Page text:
Hydrawise supports two types of sensors:
- Flow sensors that measure water usage for an irrigation zone (or zones).
- Rain sensors, wind sensors, and moisture sensors (sometimes called on/off sensors) that allow you to suspend watering cycles for a zone (or zones).
Flow meters measure the amount of water going onto each zone. This is really useful for understanding water usage and monitoring issues such as broken pipes.
Hydrawise reporting allows you to see how much water is used for each zone and how much water is used across your system.
With a flow meter, you can also create alerts for flow issues, which will keep you up to date on what’s happening (particularly important for unattended homes). See Creating Alerts for more information.
Hydrawise also supports standard open/closed contact rain sensors and soil moisture sensors. In fact, you can use any generic type of sensor that has an open/close contact.
These sensors use two wires and are usually labeled as normally open (sometimes called NO) or normally closed (sometimes called NC).
A rain or moisture sensor is usually used to stop irrigation. However, you can also create your own custom sensor types to start irrigation or for other advanced applications. See Creating a Custom Sensor for more information.
The flow meter wires need to be cabled back to the controller and connected to the Sensor inputs on the controller.
Wiring for standard Hydrawise 0.75 inch (20 mm) or 1 inch (25 mm) flow meters is as follows:
|Flow Meter Wire||Label on Controller|
|Blue||Sensor 1, 2|
Wiring for open/close contact sensors is as follows:
|Sensor Wire||Label on Controller|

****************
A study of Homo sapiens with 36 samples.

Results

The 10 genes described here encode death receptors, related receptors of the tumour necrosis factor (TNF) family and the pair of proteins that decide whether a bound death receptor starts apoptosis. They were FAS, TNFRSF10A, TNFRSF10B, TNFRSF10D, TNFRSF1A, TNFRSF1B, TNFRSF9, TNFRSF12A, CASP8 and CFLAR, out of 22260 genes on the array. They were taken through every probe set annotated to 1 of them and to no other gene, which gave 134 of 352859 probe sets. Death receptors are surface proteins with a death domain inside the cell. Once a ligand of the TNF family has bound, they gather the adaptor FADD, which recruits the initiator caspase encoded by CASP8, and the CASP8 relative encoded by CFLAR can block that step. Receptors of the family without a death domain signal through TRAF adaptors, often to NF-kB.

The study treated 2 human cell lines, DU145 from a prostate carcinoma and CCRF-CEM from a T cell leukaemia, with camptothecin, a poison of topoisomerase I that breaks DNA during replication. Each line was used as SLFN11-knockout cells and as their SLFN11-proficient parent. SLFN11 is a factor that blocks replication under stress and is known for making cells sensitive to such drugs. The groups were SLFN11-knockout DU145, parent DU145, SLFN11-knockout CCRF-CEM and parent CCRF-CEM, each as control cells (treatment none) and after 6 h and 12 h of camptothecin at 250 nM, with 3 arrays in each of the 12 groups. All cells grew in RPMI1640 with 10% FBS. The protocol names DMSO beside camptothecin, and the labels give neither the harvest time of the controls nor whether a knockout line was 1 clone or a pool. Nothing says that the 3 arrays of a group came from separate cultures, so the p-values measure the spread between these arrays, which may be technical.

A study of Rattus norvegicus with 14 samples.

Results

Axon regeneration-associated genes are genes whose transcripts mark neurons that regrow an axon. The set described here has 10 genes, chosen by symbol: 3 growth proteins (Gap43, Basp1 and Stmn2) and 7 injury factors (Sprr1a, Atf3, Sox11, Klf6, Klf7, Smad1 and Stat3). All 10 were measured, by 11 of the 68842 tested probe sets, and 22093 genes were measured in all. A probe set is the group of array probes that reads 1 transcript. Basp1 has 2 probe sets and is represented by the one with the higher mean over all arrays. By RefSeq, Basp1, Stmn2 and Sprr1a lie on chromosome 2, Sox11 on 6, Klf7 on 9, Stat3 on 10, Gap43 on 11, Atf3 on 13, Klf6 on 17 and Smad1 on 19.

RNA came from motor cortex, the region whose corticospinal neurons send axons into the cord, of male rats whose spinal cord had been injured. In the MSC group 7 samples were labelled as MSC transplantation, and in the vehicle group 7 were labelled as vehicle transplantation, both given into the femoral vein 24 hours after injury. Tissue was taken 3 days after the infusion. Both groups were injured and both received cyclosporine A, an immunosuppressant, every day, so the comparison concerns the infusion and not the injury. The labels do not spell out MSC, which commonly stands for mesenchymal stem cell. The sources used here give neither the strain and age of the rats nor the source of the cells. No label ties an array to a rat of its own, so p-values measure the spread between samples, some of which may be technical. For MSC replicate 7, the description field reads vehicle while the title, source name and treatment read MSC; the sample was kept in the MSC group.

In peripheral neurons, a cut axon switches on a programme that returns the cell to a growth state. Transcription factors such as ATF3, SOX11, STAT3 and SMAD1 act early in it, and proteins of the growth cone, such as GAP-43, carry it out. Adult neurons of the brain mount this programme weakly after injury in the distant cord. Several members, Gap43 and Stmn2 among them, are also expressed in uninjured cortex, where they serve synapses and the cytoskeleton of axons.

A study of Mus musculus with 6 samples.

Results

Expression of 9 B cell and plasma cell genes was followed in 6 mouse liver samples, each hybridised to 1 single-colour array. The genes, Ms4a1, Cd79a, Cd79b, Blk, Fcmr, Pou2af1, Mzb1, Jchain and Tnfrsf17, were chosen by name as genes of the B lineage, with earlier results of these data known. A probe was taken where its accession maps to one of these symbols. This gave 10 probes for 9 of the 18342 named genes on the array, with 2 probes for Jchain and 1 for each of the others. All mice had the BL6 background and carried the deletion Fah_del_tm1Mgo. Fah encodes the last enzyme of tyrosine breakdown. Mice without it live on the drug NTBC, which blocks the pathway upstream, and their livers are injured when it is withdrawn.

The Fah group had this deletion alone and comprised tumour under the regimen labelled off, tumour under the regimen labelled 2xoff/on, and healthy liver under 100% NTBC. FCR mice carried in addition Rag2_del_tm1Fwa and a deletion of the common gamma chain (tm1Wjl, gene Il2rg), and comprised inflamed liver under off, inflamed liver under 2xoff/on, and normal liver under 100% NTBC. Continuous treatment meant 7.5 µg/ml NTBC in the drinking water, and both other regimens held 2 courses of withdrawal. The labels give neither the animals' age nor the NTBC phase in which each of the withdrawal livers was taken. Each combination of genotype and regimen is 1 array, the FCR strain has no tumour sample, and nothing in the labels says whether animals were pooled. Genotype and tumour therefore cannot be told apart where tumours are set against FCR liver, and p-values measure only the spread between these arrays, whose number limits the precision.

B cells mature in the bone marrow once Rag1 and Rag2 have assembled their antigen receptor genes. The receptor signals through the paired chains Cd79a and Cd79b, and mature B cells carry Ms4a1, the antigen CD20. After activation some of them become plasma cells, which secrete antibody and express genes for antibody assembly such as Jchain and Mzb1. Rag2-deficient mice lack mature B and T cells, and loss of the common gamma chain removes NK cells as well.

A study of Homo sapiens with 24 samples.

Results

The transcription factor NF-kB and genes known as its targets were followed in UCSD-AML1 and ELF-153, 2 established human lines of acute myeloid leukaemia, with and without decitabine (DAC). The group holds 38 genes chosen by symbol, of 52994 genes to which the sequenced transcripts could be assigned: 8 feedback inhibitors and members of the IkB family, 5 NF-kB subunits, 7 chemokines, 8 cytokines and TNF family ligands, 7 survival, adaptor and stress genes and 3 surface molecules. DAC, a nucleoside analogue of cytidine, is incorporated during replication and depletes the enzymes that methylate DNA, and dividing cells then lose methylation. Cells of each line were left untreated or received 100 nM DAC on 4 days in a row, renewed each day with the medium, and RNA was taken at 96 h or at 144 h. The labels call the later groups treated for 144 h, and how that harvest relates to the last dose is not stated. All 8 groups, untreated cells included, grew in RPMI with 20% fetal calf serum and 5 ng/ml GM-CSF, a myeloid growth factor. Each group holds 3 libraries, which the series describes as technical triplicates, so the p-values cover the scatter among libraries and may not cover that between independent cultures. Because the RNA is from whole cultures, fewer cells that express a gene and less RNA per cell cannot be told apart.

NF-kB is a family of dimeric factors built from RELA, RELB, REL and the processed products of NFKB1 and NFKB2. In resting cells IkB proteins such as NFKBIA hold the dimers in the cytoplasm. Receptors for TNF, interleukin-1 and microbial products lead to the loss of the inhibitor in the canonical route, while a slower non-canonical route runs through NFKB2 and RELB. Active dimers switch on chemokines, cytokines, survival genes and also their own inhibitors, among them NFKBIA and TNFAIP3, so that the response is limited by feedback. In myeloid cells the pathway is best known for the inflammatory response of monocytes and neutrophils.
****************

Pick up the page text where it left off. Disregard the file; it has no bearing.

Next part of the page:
|Normally Open/Normally Closed Wire||Sensor 1, 2|
Once you’ve wired your rain or moisture sensor, configure it in your Hydrawise account as shown below.
There are two steps to getting your sensor to work for each of your zones:
- Create a new sensor in your Hydrawise account under Sensors. Choose the controller the sensor is connected to and the sensor input you connected it to. Also, choose your sensor type as outlined below or create a custom sensor.
Flow meter with ¾-inch coupling A Hydrawise ¾-inch flow meter Flow meter with 1-inch coupling A Hydrawise 1-inch flow meter Rain Sensor (Normally Closed) A standard rain sensor (use this if you have wired the rain sensor’s normally closed wire to the controller) Rain Sensor (Normally Open) A standard rain sensor (use this if you have wired the rain sensor’s normally open wire to the controller) Soil Moisture Sensor (Normally Closed) A standard soil moisture sensor (use this if you have wired the soil moisture sensor’s normally closed wire to the controller) Soil Moisture Sensor (Normally Open) A standard soil moisture sensor (use this if you have wired the soil moisture sensor’s normally open wire to the controller)
- Once you’ve created your sensor, assign the zones that will use the sensor in the sensor table.
Create a Custom Sensor
You can also create custom sensors in your Hydrawise account under Sensors.
Some examples of custom sensor types are:
- A flow meter of a different size to the standard Hydrawise flow meters.
- A sensor to conform to restrictions that specify no watering for a minimum period of time after rain is detected.
- A sensor to start irrigation if motion is detected (Enthusiast Plan only)
To add a custom sensor type, go to Sensors and click on Add Custom Sensor Type. Give the sensor a name and choose its type as outlined below.
- Liters per pulse:
- The number of liters of water expected to pass through the flow sensor per flow meter pulse (you can get this information from your flow meter’s specifications)
Normally Open Sensor/Normally Closed Sensor
- Sensor Action:
Whether the sensor should cause a zone to start or stop.
Start a Zone
If the zone should start, choose the minimum number of seconds before the sensor can cause the same zone to start again.
Stop a Zone
If the zone should stop, choose the number of seconds to delay before stopping the zone, and how long the zone should be disabled.
For example, some watering restrictions require that if rain is detected, sprinklers should not run for at least two days.